Hapless Hong Kong ad agency men Fai (Andy Lau) and Chi (Nat Chan Pak-Cheung) are sent to mainland China to buy illegal antiques for use in a campaign to sell hair tonic. Whilst escaping an ambush by trigger-happy Chinese soldiers, the boys stumble inside a vast subterranean cavern guarded by booby-traps and manage to revive Princess Yun Lo (Joey Wong), a mystical martial arts maiden imprisoned for seven hundred years since the Yuan Dynasty. The beautiful princess and her ditzy, but devoted handmaiden Hsiu Mun (Cutie Mui Siu-Wai) pass on a sacred martial arts manual from whence Fai learns the all-powerful kung fu style known as “Buddha’s Palm”, endowing him with all manner of cel-animated superpowers. Such abilities come in handy when he brings the girls back to modern Hong Kong. What Fai doesn’t know is another of the cavern’s formerly frozen occupants has followed him here. Villainous martial arts master Tien Chian (Yuen Wah) is in love with Princess Lo and wields unstoppable extendable kung fu feet.
The “Buddha’s Palm” is a mythical ultimate kung fu move that spawned a subgenre of outlandish martial arts fantasies dating all the way back to silent cinema. Stephen Chow Sing-Chi last wielded it onscreen at the climax of his Kung Fu Hustle (2004), but Taylor Wong gave Hong Kong film fans the palm’s definitive screen treatment with the bonkers Shaw Brothers classic: Buddha’s Palm (1981). Wong returned to the genre with Kung Fu vs. Acrobatic wherein he spoofed the whole phenomenon. Which is a little like George Lucas following Star Wars ten years later with Spaceballs!
Kung Fu vs. Acrobatic has all the right ingredients for a lively, engaging romp - Joey Wong playing yet another lovely lady ghost, Yuen Wah with giant supernatural cartoon feet, and (in the most infamous scene) the sudden appearance of a mystical hammer-wielding cartoon ninja turtle - but serves them up in lazy, haphazard fashion. Chief culprit is veteran schlockmeister Wong Jing whose shapeless screenplay doles out low-rent sitcom humour (a “boing!” sound effect accompanies every gag) and crass characterisations. Fai and Chi never rise above the level of self-serving dolts. While Chi uses his newfound superpowers to avoid paying his gambling debts, Fai puts his to good use by starring in a Buddha’s Palm themed hamburger commercial. Reduced to mere window dressing, Joey Wong smiles prettily whilst presumably drumming her fingers offscreen, although she re-teamed with Taylor Wong for the supernatural love story Fantasy Romance (1991).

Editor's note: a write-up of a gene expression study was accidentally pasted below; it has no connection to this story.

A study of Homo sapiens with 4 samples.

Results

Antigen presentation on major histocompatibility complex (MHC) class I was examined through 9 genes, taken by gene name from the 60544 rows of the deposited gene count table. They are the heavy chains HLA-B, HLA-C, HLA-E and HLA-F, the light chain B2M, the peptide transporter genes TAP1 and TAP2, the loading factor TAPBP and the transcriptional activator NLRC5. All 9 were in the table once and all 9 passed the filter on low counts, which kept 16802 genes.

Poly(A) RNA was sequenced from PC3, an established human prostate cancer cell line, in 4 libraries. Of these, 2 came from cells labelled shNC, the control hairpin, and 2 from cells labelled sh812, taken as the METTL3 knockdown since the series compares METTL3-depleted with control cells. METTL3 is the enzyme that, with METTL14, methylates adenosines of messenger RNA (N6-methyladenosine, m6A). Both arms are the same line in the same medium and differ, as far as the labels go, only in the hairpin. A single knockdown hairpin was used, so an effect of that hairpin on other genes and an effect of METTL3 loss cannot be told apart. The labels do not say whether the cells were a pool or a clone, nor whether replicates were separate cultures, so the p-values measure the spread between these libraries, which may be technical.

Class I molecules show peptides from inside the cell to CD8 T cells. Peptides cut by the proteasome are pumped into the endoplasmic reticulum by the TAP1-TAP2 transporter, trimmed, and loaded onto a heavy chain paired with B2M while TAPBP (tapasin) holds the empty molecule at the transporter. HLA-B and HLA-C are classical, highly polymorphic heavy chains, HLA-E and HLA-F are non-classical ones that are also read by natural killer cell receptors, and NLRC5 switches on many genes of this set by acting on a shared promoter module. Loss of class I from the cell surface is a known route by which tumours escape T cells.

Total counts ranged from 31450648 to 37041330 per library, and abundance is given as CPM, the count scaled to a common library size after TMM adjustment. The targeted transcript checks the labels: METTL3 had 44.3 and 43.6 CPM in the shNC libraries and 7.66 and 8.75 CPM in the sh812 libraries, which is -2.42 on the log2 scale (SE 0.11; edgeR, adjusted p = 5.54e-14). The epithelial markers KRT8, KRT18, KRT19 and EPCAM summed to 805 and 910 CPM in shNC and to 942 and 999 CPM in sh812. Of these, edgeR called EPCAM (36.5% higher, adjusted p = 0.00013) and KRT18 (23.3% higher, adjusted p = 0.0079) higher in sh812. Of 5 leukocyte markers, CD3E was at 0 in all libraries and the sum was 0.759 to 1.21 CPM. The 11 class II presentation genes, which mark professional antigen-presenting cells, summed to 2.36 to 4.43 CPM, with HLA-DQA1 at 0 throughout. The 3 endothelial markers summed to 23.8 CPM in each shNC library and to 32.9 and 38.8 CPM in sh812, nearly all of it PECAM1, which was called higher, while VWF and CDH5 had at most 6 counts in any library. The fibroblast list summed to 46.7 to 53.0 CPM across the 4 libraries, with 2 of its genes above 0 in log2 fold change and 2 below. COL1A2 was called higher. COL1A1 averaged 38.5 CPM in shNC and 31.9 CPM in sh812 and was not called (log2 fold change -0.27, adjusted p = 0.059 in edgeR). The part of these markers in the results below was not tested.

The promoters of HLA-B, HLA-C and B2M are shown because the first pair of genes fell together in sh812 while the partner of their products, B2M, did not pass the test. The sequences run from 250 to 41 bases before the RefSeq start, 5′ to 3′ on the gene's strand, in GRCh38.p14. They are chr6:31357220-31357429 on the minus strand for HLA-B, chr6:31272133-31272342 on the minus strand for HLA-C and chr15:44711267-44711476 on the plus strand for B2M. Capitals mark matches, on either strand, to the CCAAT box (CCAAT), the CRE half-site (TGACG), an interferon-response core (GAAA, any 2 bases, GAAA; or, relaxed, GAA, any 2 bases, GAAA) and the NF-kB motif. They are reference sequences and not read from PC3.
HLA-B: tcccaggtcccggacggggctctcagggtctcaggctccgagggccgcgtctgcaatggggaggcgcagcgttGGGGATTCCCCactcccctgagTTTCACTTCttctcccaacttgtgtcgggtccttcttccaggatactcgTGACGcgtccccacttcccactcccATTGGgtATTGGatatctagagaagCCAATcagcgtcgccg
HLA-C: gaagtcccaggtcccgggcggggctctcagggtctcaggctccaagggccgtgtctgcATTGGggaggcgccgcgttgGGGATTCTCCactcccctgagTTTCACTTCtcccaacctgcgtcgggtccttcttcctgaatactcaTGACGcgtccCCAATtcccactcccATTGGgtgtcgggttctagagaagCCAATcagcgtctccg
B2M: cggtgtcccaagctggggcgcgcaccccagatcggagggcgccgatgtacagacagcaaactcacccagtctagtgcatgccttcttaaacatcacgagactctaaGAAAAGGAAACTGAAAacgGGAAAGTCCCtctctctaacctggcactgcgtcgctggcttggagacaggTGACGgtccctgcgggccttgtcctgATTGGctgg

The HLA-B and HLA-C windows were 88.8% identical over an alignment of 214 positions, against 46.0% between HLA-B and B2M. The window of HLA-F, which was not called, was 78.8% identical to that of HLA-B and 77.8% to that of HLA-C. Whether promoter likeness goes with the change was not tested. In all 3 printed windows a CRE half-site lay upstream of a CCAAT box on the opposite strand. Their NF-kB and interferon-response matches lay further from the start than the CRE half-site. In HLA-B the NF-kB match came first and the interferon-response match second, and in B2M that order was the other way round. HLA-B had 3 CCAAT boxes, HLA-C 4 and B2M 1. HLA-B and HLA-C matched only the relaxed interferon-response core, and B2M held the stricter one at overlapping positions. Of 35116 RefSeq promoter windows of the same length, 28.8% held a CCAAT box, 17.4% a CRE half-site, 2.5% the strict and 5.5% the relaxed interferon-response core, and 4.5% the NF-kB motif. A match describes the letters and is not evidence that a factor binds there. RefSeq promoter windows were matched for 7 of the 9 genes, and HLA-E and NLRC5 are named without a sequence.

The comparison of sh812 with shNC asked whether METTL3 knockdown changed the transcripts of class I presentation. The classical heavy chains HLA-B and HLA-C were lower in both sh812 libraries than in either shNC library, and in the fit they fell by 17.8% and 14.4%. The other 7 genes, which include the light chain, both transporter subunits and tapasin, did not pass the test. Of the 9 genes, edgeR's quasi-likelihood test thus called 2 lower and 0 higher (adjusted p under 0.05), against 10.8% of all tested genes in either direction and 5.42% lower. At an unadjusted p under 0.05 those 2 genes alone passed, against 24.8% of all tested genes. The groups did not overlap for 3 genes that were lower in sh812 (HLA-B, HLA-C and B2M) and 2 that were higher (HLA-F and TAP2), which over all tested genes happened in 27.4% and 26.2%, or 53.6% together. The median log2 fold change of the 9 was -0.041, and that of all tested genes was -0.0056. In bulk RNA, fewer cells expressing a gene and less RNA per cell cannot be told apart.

Taylor Wong was born into a motion picture family. His father Wong Yiu had been a prominent Cantonese filmmaker in the 1960s. After getting his start in television, Wong signed with Shaw Brothers in 1980 and dabbled in a variety of genres with teen romance Behind the Yellow Line (1984) and the courtroom drama Law or Justice (1988) among his most critically-acclaimed works. Away from Shaw Brothers Wong had fruitful working relationship with Chow Yun-Fat, resulting in the ghost romance Spiritual Love (1987) and acclaimed triad thrillers Rich and Famous (1986), Tragic Hero (1986) and Triads: The Inside Story (1989). However after re-teaming with Andy Lau for another larky fantasy adventure, Three Swordsmen (1994), Wong lost the plot with his truly bizarre patchwork action/rom-com/rape-drama/superhero flick Deadly Dream Woman (1992) before ending his career with the sex comedy Girls Unbutton (1994).
Wong’s knowledge of Chinese film history is evident as he kicks off the film with vintage clips from old Buddha’s Palm movies and casts genre veterans Tso Tat-Wah and Lau Shun in in-joke minor roles. But the film is a lacklustre, oddly disheartening send-up of movies that were far wittier and imaginative. At least animation fans can enjoy some Who Framed Roger Rabbit style antics with the aforementioned cartoon ninja turtle, while Yuen Wah shows off his hitherto unheralded break-dancing skills.